UMBCCenter for History Education

History Labs

A Guided Approach to Historical Inquiry in the K-12 Classroom


  • History Lab Title: (can be a variation of the overarching question)
  • Grade Level:
  • Duration of the History Lab: An investigation can be as brief as one class period or take multiple days.
  • Curriculum Alignment:
  • Common Core Standards Alignment: History Labs demonstrate and build the literacy skills (reading and writing) that are emphasized in the Common Core Standards.
  • National Standards Alignment (optional): National Center for History in the Schools (UCLA)
    • Standards in Historical Thinking
    • Content Standards
  • Overarching Question:
    • The essential question that guides the History Lab and addresses a curricular indicator.
  • Focus Question/s: Teacher-generated topic question or questions to more closely guide the historical investigation. The focus questions should relate back to the overarching question.
  • History Lab Objectives: (SWBAT or other)
  • Topic Background:
    • Important information on the historical context of the History Lab topic for background knowledge.
  • Materials:
    • Tools, resource sheets (with bibliographic citations), graphic organizers, rubrics, etc.
  • Historical Sources with Annotations:
    • Summarize the text, context, and subtext for each source utilized.
    • Explain carefully how each source fits into the History Labs procedure and helps to answer the overarching question.
  • Procedures:
    1. Initiate the History Lab
    2. Frame the History Lab
    3. Facilitate the History Lab
    4. Present information and interpretations
    5. Connect to the overarching question
    6. Assess student understanding of content and process

Steps in a Teacher-Generated History Lab

  1. Introduce the overarching question, based on a curricular indicator, which will guide the History Lab:
    • The question should be thought-provoking and encourage inquiry and discussion.
    • The question should address the curricular content.
    • The question should deepen students’ understanding of history as an interpretive discipline, by emphasizing historical thinking skills, such as causality, change and continuity, turning points, multiple perspectives, significance, impact, and context.
  2. Initiate the History Lab:
    • Access prior knowledge. Students can read from narratives, poems, journal entries, or accounts, listen to excerpts from speeches, or examine maps, broadsides, or political cartoons. This activity should engage students and set the context for the History Lab.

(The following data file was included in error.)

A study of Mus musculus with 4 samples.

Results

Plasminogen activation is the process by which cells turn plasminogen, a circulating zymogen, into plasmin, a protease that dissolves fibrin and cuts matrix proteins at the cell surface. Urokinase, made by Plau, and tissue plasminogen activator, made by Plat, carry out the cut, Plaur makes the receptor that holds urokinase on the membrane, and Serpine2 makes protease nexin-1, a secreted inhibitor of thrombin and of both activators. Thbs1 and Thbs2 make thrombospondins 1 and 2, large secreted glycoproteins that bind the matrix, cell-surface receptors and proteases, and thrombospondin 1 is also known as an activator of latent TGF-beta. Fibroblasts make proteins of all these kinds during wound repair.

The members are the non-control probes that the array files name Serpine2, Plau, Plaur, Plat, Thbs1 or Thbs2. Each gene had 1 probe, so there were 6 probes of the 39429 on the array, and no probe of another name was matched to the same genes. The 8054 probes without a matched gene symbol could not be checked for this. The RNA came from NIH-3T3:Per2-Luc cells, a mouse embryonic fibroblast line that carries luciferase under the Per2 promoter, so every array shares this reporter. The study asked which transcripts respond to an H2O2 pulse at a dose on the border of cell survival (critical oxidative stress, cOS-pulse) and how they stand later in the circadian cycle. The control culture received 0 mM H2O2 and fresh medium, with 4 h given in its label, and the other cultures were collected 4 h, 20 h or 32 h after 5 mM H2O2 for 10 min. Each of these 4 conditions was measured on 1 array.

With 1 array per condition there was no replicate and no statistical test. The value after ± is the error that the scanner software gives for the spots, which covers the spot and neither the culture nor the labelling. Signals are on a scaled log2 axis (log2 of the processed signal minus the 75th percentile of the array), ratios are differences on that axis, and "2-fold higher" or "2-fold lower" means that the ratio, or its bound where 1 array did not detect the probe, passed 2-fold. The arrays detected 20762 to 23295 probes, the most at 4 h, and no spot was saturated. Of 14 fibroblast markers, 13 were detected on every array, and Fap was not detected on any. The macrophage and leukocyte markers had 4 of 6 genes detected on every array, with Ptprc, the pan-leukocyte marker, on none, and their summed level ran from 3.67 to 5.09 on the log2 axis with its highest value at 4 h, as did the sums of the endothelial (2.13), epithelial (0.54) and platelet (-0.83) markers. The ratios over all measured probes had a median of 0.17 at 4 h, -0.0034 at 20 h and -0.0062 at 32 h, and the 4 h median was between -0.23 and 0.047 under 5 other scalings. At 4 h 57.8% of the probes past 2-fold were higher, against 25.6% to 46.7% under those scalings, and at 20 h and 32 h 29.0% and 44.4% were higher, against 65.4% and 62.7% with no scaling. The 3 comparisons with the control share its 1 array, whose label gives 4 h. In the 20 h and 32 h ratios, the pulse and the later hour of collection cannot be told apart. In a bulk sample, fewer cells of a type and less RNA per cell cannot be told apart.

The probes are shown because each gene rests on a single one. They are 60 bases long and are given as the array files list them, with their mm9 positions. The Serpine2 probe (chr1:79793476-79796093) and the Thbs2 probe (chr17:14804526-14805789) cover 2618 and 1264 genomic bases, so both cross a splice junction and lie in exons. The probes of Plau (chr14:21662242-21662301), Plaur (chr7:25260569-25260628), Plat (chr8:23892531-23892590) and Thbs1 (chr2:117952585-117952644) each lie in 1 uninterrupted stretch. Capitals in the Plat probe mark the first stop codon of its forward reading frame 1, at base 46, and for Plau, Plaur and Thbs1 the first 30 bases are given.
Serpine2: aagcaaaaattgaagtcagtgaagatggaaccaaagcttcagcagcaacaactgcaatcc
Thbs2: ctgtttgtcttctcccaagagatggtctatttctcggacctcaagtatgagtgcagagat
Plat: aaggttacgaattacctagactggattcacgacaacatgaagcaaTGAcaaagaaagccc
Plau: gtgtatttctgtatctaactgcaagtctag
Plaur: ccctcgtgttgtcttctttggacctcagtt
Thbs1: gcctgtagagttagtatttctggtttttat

3. Frame the History Lab:
    • Facilitate the framing of topic focus questions that relate to the (larger) overarching question. Teachers can direct this step, depending on the ages and ability levels of their students, or have students take the lead.
      • Ensure that students have identified the relevant questions. If necessary, lead students to important questions they have not considered.
  4. Have students identify sources of information that would provide answers to the focus questions.
  5. Model the historical process:
    • Model the process of analyzing a historical source. Use a focus question as an example.
      • Identify the “who, what, when, where, and why” information.
      • Determine context, subtext, and relevance of the source to the focus question.
  6. Facilitate the History Lab:
    • Have students choose focus questions to investigate.
    • Provide students with relevant historical sources.
    • Have students work in cooperative groups or independently to generate interpretations from the source materials.
      • Have students cite information from the sources as evidence to support their interpretations.
      • Multiple interpretations may emerge.
  7. Present information and interpretations:
    • Individuals or representatives from groups will present their interpretations and defend the sources that provided the evidence for their decisions. In a debate format, students can also refute the interpretations of their fellow students or historians.
    • Discuss the ways in which the interpretations are related. Look for commonalities and differences.
    • The teacher will facilitate the discussion to ensure that the interpretations are supported by solid factual information and reasoning.
  8. Address the overarching question:
    • Students will synthesize the information gained during the History Lab to address the overarching question.
    • Student responses can be oral, written, or expressed through a variety of products.
  9. Assessment:
    • Assess students’ understanding of the historical content and historical thinking skills (process).
History Labs Glossary
Close examination of the parts of something in order to identify the relationships between those parts or between each part and the whole.
Focus Questions
Teacher-generated topical questions to address the overarching question.
History Lab
A set of inquiry-based learning experiences that address an indicator within the history curriculum.
Statement that describes what students will know and be able to do over an extended period of time.
Statement that describes what students will know and be able to do during a discrete period of time, generally a class period.
Overarching Question
The question that guides the History Lab and addresses the indicator on which it is based.
Source Work Terms
What is visible/readable — What information is provided by the source?
What was going on during the time period? What background information do you have that helps explain the information found in the source?
What is between the lines? Must ask questions about:
Who created the source and what do we know about that person?
For whom was the source created?
Why was this source produced at the time?
How does the author use language and rhetorical devices to convey meaning?